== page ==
About visa:

Provincial nomination is an important fast-track option for Canadian permanent residence.

The Provincial Nominee Programs (PNPs) allow Canadian provinces and territories to nominate individuals who wish to immigrate to Canada and who are interested in settling in a particular province.

Each Canadian province (except Quebec, which has a different selection system) and two territories have their own unique Provincial Nominee Programs. Participating provinces and territories sign agreements with Citizenship and Immigration Canada (CIC) that allow them to select immigrants who meet the requirements that they have set forth.

Provincial and territorial governments have been using these programs to more effectively and efficiently welcome newcomers to their region. Each PNP is tailored to the province's/territory's specific needs to select nominees who will be able to settle into life and work in the region and to effectively contribute to the community. As of 2015, most PNPs contain at least one immigration stream aligned with the federal Express Entry immigration selection system. These are known as 'enhanced' nomination system.

Persons coming in through this program are provided permanent resident status and ultimately the opportunity to apply for Canadian citizenship.

Basic features:

  • Provincial Nomination Scheme visa is a quicker route to Canadian immigration.
  • It is not a points-based system unlike the Federal Skilled Worker Program.
  • Applicants have the same benefits as those of a Federal Skilled worker holder.
  • Successful applicants will have access to government-subsidized health care, free education and social benefits.
  • Successful applicants can work or pursue further study or invest in a business.
  • Applicants are restricted to working in the province sponsoring their application.
  • Permanent residence visa holders have the option to apply for Canadian nationality.

Requirement :

All the Canadian Provinces do not provide Provincial Nomination Schemes; however, most provinces have an agreement with the Government of Canada that allows them to nominate immigrants who wish to settle in that province.

To be eligible to apply for the Provincial Nomination Scheme, the applicants have to pass three stages:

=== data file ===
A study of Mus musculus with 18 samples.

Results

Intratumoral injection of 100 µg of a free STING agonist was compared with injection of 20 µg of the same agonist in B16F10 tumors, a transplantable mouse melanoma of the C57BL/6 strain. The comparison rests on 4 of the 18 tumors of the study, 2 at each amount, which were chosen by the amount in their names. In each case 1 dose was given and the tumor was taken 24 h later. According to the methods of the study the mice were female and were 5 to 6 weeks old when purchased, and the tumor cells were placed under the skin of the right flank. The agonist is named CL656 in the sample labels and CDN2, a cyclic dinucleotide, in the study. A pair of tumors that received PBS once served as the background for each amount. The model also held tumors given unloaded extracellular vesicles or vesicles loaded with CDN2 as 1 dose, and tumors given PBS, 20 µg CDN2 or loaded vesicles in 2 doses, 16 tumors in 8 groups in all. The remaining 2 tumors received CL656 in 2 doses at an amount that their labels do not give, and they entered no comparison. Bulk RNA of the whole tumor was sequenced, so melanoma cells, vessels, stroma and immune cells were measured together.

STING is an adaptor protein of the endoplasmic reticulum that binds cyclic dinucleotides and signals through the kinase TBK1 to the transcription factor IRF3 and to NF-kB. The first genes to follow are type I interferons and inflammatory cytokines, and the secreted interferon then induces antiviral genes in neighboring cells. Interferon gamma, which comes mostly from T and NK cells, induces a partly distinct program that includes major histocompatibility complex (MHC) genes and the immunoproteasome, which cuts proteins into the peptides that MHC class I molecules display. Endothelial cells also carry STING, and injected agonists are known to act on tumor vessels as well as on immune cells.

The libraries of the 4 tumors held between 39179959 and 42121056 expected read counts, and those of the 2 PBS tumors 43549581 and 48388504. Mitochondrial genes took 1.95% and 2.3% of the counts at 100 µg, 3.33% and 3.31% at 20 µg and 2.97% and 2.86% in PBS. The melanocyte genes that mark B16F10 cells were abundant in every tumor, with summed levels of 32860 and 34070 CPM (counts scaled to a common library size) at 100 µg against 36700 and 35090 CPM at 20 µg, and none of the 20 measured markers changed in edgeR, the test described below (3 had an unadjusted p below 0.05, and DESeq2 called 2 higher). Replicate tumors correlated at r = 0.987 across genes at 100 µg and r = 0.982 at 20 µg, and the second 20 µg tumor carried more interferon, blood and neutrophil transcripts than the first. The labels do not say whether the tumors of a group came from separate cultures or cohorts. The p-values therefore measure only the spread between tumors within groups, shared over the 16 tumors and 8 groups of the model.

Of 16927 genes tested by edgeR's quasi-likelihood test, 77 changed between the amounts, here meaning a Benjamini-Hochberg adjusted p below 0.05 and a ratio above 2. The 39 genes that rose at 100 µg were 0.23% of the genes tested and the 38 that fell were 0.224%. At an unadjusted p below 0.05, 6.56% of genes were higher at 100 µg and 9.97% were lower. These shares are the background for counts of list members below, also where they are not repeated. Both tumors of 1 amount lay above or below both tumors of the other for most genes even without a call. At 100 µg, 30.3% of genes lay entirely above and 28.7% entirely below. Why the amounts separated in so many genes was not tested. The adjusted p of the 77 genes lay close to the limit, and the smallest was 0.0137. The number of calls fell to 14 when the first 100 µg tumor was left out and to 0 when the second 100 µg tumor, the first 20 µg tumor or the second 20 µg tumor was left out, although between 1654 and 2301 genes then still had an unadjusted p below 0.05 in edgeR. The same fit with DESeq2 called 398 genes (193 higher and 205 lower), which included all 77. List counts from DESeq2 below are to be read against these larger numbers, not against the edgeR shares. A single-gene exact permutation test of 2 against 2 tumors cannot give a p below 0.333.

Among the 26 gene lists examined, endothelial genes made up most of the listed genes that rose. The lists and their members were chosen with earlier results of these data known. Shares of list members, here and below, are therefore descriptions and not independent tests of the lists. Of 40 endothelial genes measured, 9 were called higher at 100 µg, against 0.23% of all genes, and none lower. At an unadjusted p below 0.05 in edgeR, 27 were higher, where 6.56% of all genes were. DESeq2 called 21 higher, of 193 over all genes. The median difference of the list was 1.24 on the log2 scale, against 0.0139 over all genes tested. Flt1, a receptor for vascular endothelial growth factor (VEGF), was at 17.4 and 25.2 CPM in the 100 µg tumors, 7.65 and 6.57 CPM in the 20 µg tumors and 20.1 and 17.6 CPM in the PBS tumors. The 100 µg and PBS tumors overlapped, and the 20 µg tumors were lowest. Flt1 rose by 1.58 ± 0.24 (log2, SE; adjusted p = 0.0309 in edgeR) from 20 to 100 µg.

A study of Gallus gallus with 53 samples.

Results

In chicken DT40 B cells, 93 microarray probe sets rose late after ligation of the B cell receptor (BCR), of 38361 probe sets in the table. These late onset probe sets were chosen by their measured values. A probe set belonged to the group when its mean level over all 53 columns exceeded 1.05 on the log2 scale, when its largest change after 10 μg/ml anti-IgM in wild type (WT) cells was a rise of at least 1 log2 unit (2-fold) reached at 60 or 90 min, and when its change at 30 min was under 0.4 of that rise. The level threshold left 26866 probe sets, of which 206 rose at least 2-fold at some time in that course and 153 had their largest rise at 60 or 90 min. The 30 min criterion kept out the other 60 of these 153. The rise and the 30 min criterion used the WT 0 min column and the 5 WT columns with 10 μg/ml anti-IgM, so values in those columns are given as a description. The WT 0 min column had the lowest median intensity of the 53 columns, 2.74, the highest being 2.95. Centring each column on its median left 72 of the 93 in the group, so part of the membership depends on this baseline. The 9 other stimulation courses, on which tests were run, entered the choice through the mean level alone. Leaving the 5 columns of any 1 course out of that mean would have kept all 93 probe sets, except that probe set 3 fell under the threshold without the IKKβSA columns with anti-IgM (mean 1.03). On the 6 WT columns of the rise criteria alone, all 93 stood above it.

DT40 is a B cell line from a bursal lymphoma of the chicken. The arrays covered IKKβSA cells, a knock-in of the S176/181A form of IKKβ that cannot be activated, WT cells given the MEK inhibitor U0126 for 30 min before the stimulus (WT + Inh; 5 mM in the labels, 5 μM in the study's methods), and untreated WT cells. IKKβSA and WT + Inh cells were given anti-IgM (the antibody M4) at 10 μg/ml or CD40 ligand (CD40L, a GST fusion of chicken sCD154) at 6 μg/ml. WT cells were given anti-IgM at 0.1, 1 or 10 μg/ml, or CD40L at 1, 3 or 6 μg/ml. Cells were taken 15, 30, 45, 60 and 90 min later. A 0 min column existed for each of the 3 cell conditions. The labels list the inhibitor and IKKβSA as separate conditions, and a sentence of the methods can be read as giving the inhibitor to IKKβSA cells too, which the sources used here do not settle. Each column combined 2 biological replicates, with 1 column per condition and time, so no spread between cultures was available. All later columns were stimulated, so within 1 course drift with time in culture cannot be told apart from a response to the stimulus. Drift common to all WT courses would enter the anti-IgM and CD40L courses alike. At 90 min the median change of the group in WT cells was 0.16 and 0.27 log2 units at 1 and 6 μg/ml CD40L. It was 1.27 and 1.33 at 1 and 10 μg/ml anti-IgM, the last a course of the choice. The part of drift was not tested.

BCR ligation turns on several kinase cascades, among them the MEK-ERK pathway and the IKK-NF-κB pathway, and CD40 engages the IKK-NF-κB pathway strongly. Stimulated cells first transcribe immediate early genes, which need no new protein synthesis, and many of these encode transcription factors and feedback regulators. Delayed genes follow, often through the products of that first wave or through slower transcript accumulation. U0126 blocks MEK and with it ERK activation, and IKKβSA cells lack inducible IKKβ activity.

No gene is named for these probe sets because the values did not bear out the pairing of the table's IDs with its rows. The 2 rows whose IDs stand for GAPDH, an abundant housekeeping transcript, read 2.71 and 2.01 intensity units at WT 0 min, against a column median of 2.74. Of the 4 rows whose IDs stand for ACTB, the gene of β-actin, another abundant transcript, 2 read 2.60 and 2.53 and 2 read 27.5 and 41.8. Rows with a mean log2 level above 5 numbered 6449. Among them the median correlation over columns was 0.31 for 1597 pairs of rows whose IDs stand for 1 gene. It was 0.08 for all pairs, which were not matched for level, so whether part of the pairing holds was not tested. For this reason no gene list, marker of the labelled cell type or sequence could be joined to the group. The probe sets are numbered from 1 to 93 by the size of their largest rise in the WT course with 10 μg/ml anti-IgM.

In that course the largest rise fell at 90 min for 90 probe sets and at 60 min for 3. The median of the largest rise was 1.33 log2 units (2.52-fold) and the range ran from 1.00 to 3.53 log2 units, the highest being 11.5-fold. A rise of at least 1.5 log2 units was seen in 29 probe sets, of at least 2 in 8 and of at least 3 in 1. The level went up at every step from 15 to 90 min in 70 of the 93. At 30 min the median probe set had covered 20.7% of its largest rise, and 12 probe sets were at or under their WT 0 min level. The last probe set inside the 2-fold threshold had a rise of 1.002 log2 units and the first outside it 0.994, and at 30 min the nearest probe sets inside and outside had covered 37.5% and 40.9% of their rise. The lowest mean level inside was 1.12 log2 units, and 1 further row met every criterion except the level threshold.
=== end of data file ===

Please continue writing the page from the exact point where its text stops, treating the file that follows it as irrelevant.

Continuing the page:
• Job Offer - Applicants must have a valid job offer from a Canadian company based in the province to which the candidates intend to migrate. Alternatively, candidates can obtain a nomination certificate if they have a close relative living in that province.
  • Provincial Government Approval - The job offer should be approved by the relevant provincial government. The applicants are assessed against the migration requirement of the particular province. Candidates will also need to be able to prove that they have a genuine interest to reside and work in the province.
  • Application for Permanent Residency - Once the applicant receives a nomination from the particular province, they should make their application for permanent residency with Citizenship and Immigration Canada (CIC).

Applicants need to prove that they have enough money to support themselves and their dependants after they arrive in Canada.

Provincial Nominee applications are given preference over other skilled visa applicants by Citizenship and Immigration Canada (CIC).

At present, the following provinces and territories in Canada have Provincial Nomination Schemes:

  • Alberta
  • British Columbia
  • Manitoba
  • New Brunswick
  • Newfoundland and Labrador
  • Nova Scotia
  • Ontario
  • Prince Edward Island
  • Saskatchewan
  • Yukon

Before submitting an application to immigrate to Canada, a nominee must first receive a Provincial Nomination Certificate from the province/territory. After a successful nomination by a province/territory, a separate application must be made to Citizenship and Immigration Canada for your Canada Immigration (permanent resident) Visa. Provincial Nominee Program processing times vary from one Canadian immigration visa office to another.

The province of Quebec, where Montreal is located, does not participate in the Provincial Nominee Program. Instead, the Governments of Quebec and Canada have entered into a series of agreements by which Quebec has established its own selection criteria for all economic immigrants with an intention to reside in Quebec.